Tuesday, November 16th, 2010
Irish Life Experience Friend, Jennifer Holloway from Portland, Oregon, shares her experience studying abroad in London. While it wasn’t the Emerald Isle she studied in, we won’t discriminate against the important message she sends to all students. Ha! Thank you Jenny for giving us a special glimpse into your adventure abroad.
Spring semester of my Junior year I decided to study abroad. I went for all of the reasons you’re supposed to study abroad… I wanted to broaden my perspective, see the world, and (let’s be honest) I knew it would look fantastic on any graduate school and employment application down the road. Our coursework immersed us in British theater, art, architecture, government and literature. Instead of just reading about it, though, we visited castles, attended plays, and toured museums for truly experiential learning. I’d never been so excited about learning in all my life!
I knew I would learn about British history, current events, and important people and places. What I didn’t expect was that they would forever be associated with great memories of the friendships I made and the experiences I had there. I’ll never see a picture of former Prime Minister Tony Blair without being reminded of the friend who had a raging crush on him! Dame Judi Dench will always be one of my favorite actresses ever since I saw her in a play called “Amy’s View.” The British Museum houses an enormous collection of art and artifacts. It’s also the place where my friends and I took pictures alongside famous statues (imitating their poses, of course) and I stared utterly fascinated at Lindow Man, the 1st century AD bog body. To this day, I can’t have a cup of loose leaf tea without remembering how good it tasted when my host family made it and how terrible it was when I did! I was lucky enough to be able to travel to other places in Europe as well. I ate mystery food in Munich (sadly, none of us spoke German), sunbathed in Nice, and learned to Salsa in Barcelona. Everything about my study abroad experience was unforgettable and remains the highlight of my college years.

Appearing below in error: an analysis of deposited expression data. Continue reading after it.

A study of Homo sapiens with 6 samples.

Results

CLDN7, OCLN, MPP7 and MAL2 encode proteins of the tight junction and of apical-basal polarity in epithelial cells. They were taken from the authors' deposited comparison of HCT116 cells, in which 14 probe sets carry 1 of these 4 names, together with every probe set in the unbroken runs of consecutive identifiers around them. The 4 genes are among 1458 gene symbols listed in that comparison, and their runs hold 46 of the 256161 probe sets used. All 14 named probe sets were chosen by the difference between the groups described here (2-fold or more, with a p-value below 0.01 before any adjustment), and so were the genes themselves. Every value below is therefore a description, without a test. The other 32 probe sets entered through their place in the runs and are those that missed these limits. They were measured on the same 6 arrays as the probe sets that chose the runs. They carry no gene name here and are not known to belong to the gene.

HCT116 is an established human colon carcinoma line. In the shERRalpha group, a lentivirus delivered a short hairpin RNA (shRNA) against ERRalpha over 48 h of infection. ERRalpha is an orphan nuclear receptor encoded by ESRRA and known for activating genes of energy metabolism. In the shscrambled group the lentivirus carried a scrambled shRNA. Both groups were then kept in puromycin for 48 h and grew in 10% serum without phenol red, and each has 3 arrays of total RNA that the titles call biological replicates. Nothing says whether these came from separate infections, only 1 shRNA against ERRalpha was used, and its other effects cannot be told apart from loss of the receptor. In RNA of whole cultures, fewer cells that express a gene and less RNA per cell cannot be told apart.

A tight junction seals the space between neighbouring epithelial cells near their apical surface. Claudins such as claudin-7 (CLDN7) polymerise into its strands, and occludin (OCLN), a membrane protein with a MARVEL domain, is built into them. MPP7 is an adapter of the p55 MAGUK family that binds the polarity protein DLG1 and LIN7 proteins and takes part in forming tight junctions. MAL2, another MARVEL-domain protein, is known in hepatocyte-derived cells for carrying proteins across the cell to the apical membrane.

There are a thousand reasons why young people should study abroad. For me, the most important one is that it will never again be the experience it can be at that age. There’s just something about the immediate acceptance into the constant culture of young travelers and the excitement of experiencing it all for the first time together that sets it apart from travel later in life. There’s this hunger to see it all (on a dime, of course) and there are lifelong friendships to be formed along the way with people from all over the world. It’s been 12 years and I’m still in touch with the friends I made in England and the Americans I traveled with. I’m also still terrible at making loose leaf tea! It will never taste as good as it does in London.
Steinbeck had it right when he said “we do not take a trip; a trip takes us.” I’m so thankful that one took me when it did.